Sometimes a football coach will rearrange his staff without ever officially firing anyone and that may be the case again with the Steelers.
Three coaches have left the team since the end of the season, two under dubious reasons to take another job with another team.
Amos Jones, hired by Tomlin as part of his first staff in 2007, went sideways to Arizona as the Cardinals’ special teams coordinator. That might be explained this way: He was the Steelers’ assistant special teams coach his first five years and only became their special teams coordinator when Tomlin fired Al Everest last preseason. Little good happened on the Steelers’ special teams last season other than the kicking of Shaun Suisham. It’s possible Tomlin told Jones that he could stay as the assistant special teams coach again but that he would seek someone else to fill the No. 1 job. After all, Jones was bypassed after Tomlin fired Bob Ligashesky following the 2009 season (program note: Dave Wannstedt is the new special teams coach at Tampa Bay, replacing the fired Ligashesky). It’s also possible that Tomlin told Jones to find another job before he fired him and he did.
Scottie Montgomery last week left the Steelers to take a job at Duke. We’re told that job will be as co-coordinator of the offense. Duke PR said their current coordinator, Kurt Roper, will remain their coordinator. We’re also told that Montgomery will be the heir apparent when Duke coach David Cutcliffe, 58, retires or whatever.
There are a couple of odd things about this, taken on the surface of it. Montgomery played at Duke and was the wide receivers coach t Duke for four seasons before Tomlin hired him in 2010. There is an opening at Duke for a wide receivers coach because that man, Matt Lubick, took a job as an assistant to join the Jacksonville Jaguars. Now, it was one thing for Sean Kugler to leave the Steelers to become head coach at UTEP – we’ll get to that later – but to become co-coordinator/wide receiver coach/head coach in waiting at Duke, the punching bag of the ACC?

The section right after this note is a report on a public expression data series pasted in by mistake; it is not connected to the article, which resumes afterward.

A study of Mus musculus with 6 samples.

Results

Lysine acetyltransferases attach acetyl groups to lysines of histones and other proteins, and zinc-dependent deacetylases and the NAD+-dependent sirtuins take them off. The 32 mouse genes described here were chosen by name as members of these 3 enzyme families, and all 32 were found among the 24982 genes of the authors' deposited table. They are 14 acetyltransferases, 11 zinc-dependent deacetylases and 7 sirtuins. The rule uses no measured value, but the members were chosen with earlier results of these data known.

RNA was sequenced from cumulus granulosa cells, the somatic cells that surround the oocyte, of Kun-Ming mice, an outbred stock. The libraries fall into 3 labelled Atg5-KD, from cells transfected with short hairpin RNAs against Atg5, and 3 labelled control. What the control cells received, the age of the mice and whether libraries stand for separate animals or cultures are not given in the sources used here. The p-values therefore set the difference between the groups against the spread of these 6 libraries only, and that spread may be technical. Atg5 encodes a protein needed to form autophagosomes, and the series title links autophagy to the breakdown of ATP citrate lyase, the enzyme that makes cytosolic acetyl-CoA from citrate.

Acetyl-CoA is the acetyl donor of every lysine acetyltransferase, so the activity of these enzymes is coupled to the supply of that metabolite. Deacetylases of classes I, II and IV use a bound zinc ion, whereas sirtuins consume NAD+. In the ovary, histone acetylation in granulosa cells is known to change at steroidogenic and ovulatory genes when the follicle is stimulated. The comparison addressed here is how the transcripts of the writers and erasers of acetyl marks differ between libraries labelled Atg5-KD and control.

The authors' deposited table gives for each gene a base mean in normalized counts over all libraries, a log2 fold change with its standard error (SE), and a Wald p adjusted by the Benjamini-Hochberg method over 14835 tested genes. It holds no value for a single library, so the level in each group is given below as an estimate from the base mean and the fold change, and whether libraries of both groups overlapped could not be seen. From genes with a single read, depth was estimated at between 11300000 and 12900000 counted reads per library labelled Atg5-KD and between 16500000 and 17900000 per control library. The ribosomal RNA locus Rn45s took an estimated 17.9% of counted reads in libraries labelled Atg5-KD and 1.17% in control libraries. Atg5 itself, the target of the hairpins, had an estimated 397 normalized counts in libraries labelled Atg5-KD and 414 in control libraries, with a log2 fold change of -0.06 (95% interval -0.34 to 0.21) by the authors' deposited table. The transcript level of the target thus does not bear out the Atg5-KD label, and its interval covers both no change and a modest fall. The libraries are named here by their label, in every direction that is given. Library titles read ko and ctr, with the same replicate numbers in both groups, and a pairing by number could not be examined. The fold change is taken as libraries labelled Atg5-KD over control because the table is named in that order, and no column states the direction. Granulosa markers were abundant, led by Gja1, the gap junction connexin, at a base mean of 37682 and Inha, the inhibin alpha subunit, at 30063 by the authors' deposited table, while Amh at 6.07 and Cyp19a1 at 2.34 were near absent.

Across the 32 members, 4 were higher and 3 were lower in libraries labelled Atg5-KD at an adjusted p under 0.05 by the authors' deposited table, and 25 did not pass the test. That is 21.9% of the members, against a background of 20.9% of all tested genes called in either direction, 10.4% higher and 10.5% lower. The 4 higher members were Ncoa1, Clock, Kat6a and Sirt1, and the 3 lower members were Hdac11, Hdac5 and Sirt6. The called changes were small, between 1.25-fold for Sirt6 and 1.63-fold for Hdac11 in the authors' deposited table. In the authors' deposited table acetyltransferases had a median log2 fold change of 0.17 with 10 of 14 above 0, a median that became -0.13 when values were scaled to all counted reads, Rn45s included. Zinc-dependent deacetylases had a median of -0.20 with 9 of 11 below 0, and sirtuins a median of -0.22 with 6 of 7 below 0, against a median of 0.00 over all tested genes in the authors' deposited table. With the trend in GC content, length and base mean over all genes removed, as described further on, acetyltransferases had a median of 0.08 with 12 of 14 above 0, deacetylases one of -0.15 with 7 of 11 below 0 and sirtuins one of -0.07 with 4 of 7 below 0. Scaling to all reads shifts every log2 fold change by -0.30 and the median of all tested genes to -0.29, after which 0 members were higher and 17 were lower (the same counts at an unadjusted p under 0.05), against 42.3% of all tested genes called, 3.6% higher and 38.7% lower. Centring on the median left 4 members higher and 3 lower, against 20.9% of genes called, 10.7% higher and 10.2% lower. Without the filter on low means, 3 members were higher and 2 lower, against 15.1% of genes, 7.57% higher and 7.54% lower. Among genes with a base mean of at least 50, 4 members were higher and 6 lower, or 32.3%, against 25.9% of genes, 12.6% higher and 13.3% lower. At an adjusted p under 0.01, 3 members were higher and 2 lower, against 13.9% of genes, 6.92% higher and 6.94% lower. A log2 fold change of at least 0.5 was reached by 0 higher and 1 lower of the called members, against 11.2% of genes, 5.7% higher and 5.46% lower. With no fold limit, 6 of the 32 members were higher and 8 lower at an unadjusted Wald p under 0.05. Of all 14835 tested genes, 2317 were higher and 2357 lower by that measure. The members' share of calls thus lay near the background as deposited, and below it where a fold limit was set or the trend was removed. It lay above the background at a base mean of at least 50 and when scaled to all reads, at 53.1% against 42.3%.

Cutliffe has been praised for “reviving” Duke. The Blue Devils are 21-40 in his five seasons, 9-31 in the ACC. They did go to their first bowl game since 1995 after last season. They played in something called the Belk Bowl down the road a bit in Charlotte and Cincinnati beat them 48-34 to drop Duke’s record to 6-7 for the season.
So Scottie Montgomery, 34, opted to cast his future with the Duke Blue Devils -- in whatever capacity they officially announce when the school gets around to officially announcing his hiring – rather than stay with the Steelers, who went straight to serious self-analysis after an 8-8 season.
Something’s amiss there. If Tomlin – or someone above him – didn’t force Montgomery out, his move to Duke is a strange one indeed.
We were told that Montgomery did not exert enough control over the wide receivers the past season and, with Hines Ward no longer around, the students ran the classroom and became more undisciplined. Their performance on the field certainly would back that up.
At least Kugler left the Steelers to become a head coach in college. Many questioned that move as well because it is the University of Texas at El Paso, a coaches graveyard. The only coach to have a winning overall record there in the past 40 years was Bob Stull, who left in 1988 after three seasons. That counts 10 coaches.
Kugler was well regarded around the NFL as an offensive line coach and that resume could have turned into a candidate to become a head coach in the league, as Russ Grimm’s once did. What is possible is that Kugler’s philosophy did not jive with his new offensive coordinator, Todd Haley, and he decided to get out rather than go through another year of clashing philosophy.
Stuff happens and coaches change their staffs all the time. Mike Tomlin did not even want to change his staff after the 2011 season and it was forced on him when the team did not renew Bruce Arians’ contract.
It is instructive, though, that the only staff change among coordinators or position coaches on defense under Tomlin came when Ray Horton left as secondary coach to become a defensive coordinator with the Arizona Cardinals (and now with the Cleveland Browns). Carnell Lake replaced him. The other three that Tomlin inherited from Bill Cowher’s staff are still with him – Dick LeBeau, John Mitchell and Keith Butler. Jerry Olsavsky joined the defensive staff in 2010 as what is now termed an offensive assistant and used to be called a quality control coach.
Danny Williams became the fourth special teams coach since Tomlin arrived. Jack Bicknell Jr. became his third offensive line coach, and the next receivers coach will be his third.